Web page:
Blood is as much part of Pesach, as it is of life itself. How are we to understand it? How do we relate to it? This reflection takes a look at the topic from life to Haggadah.
Just over a week ago, the politician Tobias Ellwood tried to save the murdered policeman, Keith Palmer, outside Parliament. There are images of him, brave and distressed, seemingly with blood on his face. Such images can be distressing. A friend of mine wisely used his Facebook status in the aftermath of the attack to advise people not to look at photos of the victims, teaching us not to vicariously browse the gory suffering of those who can no longer tell us to look away. We should treat blood respectfully, respecting the privacy of others’ vulnerability. We should not bring it up cheaply to shock. Yet, blood also is the tangible stuff of life. The sight of it viscerally hits us with how much we care for our lives and others.
The story of Pesach, the festival approaching in just over a week, is awash with blood.
The Pascal sacrifice is at the heart of the narrative of Exodus, and a reminder of it is at the centre of our seder plate in the form of the animal’s bone (or a vegetarian alternative):
21 Then Moses called to all the elders of Israel, and said to them:
'Draw out, and take lambs for yourselves for your families, and slaughter the passover lamb. 22 And you shall take a bunch of hyssop, and dip it in the blood that is in the basin, and apply the blood that is in the basin to the lintel and the two side-posts; and none of you shall go out of the door of his house until the morning. 23 For the Eternal will pass through to smite the Egyptians; and when He sees the blood upon the lintel, and on the two side-posts, the Eternal will pass over the door, and will not give the Destroyer to come in to your houses to smite you. (Exodus, chapter 12)
Blood is smeared on the doorposts to spare the blood of the Israelite first-born children, while those of the Egyptians will die.
Rabbinic commentaries point to a biblical flow of blood, that bonds us to God, beginning with the Covenant of Circumcision, Brit Milah (Exodus Rabba 17:3) in Genesis or the near-sacrifice, the Akeida (Mechilta on Exodus 12:23) of Isaac by his father.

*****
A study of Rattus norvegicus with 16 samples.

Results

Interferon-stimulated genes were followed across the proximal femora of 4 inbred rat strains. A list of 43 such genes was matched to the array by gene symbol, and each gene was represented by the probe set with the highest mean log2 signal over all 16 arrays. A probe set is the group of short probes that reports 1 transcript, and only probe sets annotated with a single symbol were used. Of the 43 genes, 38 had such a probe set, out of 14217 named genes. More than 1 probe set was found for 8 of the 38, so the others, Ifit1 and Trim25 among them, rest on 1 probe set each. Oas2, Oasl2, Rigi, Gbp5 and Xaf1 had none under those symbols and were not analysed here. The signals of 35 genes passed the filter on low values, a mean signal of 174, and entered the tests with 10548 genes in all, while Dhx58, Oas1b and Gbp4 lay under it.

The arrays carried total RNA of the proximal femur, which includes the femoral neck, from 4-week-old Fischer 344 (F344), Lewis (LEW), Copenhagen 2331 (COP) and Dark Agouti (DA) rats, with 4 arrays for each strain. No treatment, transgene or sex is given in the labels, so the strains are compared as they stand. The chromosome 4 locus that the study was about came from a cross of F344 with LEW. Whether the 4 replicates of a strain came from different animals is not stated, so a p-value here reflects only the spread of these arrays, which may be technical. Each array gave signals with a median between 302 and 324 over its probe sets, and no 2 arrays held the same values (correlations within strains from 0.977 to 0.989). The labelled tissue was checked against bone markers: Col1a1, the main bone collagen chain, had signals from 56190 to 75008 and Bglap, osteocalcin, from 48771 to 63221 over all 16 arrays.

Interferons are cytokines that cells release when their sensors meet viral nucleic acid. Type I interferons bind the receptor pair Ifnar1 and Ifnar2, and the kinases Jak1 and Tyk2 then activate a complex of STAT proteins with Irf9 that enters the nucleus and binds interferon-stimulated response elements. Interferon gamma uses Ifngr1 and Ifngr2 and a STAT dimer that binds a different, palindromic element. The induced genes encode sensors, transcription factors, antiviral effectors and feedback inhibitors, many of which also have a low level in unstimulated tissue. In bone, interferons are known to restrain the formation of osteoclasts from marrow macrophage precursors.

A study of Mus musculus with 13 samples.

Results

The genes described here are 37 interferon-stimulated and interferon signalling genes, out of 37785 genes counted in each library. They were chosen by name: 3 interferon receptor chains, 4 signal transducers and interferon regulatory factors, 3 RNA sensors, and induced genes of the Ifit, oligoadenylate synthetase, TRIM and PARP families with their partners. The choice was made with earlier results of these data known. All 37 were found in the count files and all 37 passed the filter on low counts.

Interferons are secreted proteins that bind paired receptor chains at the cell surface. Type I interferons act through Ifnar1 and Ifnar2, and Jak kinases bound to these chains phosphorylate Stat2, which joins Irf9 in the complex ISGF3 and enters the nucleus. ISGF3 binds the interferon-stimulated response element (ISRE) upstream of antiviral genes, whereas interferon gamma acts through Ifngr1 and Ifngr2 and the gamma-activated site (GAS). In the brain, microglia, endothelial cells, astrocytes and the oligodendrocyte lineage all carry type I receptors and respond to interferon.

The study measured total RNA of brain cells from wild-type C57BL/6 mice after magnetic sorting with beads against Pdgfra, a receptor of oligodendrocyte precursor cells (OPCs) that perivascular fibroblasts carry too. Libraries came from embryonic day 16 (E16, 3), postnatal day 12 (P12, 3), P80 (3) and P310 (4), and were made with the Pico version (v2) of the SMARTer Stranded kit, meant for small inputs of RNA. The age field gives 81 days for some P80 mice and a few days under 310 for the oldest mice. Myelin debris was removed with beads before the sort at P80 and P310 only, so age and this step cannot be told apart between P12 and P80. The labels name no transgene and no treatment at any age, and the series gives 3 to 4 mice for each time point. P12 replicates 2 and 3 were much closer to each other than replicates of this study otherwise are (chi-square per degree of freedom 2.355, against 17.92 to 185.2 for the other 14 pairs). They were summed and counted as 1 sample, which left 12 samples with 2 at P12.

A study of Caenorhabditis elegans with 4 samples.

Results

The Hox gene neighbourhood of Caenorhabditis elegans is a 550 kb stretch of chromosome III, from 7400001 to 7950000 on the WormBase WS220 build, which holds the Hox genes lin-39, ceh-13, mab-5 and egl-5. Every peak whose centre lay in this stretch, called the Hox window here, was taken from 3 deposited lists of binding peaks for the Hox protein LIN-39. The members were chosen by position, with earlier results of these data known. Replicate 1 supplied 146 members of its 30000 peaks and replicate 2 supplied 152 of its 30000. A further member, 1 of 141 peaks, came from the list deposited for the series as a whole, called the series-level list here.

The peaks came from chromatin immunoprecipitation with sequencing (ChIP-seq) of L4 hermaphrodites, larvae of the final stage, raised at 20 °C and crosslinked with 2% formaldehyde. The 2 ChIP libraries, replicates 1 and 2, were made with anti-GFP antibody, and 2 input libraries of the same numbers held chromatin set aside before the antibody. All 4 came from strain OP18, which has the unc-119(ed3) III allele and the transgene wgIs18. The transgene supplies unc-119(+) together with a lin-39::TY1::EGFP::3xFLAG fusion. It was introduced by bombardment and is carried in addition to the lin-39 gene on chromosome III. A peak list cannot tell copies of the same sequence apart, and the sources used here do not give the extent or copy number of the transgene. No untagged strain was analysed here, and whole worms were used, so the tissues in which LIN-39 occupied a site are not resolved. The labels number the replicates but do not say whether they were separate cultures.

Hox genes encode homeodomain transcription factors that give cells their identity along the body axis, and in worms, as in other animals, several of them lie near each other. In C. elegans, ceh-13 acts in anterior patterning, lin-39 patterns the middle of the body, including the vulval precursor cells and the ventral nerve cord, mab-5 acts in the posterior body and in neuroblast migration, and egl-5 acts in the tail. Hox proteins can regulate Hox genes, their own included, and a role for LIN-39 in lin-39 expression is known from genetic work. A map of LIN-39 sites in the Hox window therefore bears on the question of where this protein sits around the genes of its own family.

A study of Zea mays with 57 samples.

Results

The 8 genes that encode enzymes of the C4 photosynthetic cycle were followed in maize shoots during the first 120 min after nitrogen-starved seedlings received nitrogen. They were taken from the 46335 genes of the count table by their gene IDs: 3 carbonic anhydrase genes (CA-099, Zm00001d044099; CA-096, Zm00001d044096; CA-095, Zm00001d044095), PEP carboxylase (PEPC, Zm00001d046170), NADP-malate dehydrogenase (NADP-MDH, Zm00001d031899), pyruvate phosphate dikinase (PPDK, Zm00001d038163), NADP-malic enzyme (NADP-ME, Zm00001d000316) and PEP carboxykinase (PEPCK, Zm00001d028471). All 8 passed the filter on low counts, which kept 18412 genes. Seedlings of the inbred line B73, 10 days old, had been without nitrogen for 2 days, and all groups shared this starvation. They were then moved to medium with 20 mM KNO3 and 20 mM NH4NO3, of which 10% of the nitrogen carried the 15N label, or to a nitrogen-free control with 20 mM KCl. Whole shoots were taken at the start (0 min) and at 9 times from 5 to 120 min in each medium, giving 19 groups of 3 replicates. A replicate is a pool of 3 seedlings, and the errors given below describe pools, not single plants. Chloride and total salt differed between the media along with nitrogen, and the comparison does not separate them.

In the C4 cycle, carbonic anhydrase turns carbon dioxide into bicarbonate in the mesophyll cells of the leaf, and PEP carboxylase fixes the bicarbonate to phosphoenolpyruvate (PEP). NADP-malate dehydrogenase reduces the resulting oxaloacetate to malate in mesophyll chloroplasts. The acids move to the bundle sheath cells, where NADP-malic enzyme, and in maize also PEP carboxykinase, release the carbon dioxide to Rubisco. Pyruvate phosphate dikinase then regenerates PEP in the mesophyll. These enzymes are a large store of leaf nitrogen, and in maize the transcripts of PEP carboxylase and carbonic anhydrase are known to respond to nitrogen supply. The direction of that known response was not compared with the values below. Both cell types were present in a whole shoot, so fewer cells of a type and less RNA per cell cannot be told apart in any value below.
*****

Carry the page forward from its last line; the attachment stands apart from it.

It is as if the sight of our blood, ritually raised when we do brit milah or mention the akeida, will compel the compassion of our Ultimate parent for us - as the blood on the doorposts did.
The last of the plagues, the killing of the firstborn, recalls the first of them, the Nile turning to blood, and reminds us of how Pharaoh ordered the killing of Israelite babies. Blood in Exodus and at Pesach simultaneously conveys compassion and hostility: we can see both how blood indicates our shared humanity and how as humans we often pit ourselves against each other as if the “enemy” must bleed in our place.
The Talmud teaches us to not see our blood as redder than others- perhaps in part because we so often do.
There is in the Haggadah, the book for our seder, another mention of blood that is often awkwardly skirted over. Near its beginning a line from the prophet Ezekiel is mentioned in which God addresses the people of Israel, personified as a female, and proclaims:
When I passed by you and saw you wallowing in your blood, I said to you, “live in spite of your blood”. Yea, I said to you: “Live in spite of your blood” (Ezek. 16:6).
It is not difficult to understand why we often skirt over this detail on the night of Pesach as we all sit together preparing for a meal! There is a misogyny in the denigration of the blood of birth (and elsewhere in chapter 16 of Ezekiel) and perhaps more to the point, we tend not to talk about bloody birth at the dinner table. Yet, this verse can teach us that we are loved because of our human, bloody vulnerability, that blood is the very stuff of life. This chapter of Ezekiel with its focus on birth and maturation also reminds us that we and those around us are changing, physically and emotionally, every moment, and if we don’t pay attention to these changes we lose people, and ourselves - we eviscerate identities caring for the abstract rather than ever-changing flesh and blood. The value of life is an abstract; our relationship with the person next to us, and the details of their life and being, is real.
My father, Jack Stanley, died two months ago. A month before he died, I walked into the living room to find him, disoriented having fallen to the floor, with blood coming out of his forehead and his knees. There’s nothing like blood for telling you how much you love and care for another human being. It richly marks our consciousness with their vulnerability and our responsibility to them.
So we should not abuse the spectre of blood for the sake of a vicarious rush of blood; we should not enjoy the brush with ultimate questions it brings, or make people feel too uncomfortable.
We should raise the sight of blood , caringly and sensitively, but we should not pretend that we do not bleed, or that those close to us do not bleed, or that innocents are not currently bleeding. The place for these questions may or not be our seder tables, but I will try to at least ask them of myself in the next week or two: Who close to you do you care for and how can you care for them more finely? Which innocents are having their blood spilt and their lives ruined and what is your responsibility to them? Will you allow your family or your people, those most obviously of your bloodline, to be the only people you love, or will you recognise that we all bleed and need love?
Benji Stanley is the Rabbi for young adults for Reform Judaism, creating transformative learning, experiences, and community with people in their 20s and 30s. He has worked as a Rabbi or Student Rabbi at Alyth, Weybridge, Liberal Judaism, and West London Synagogue.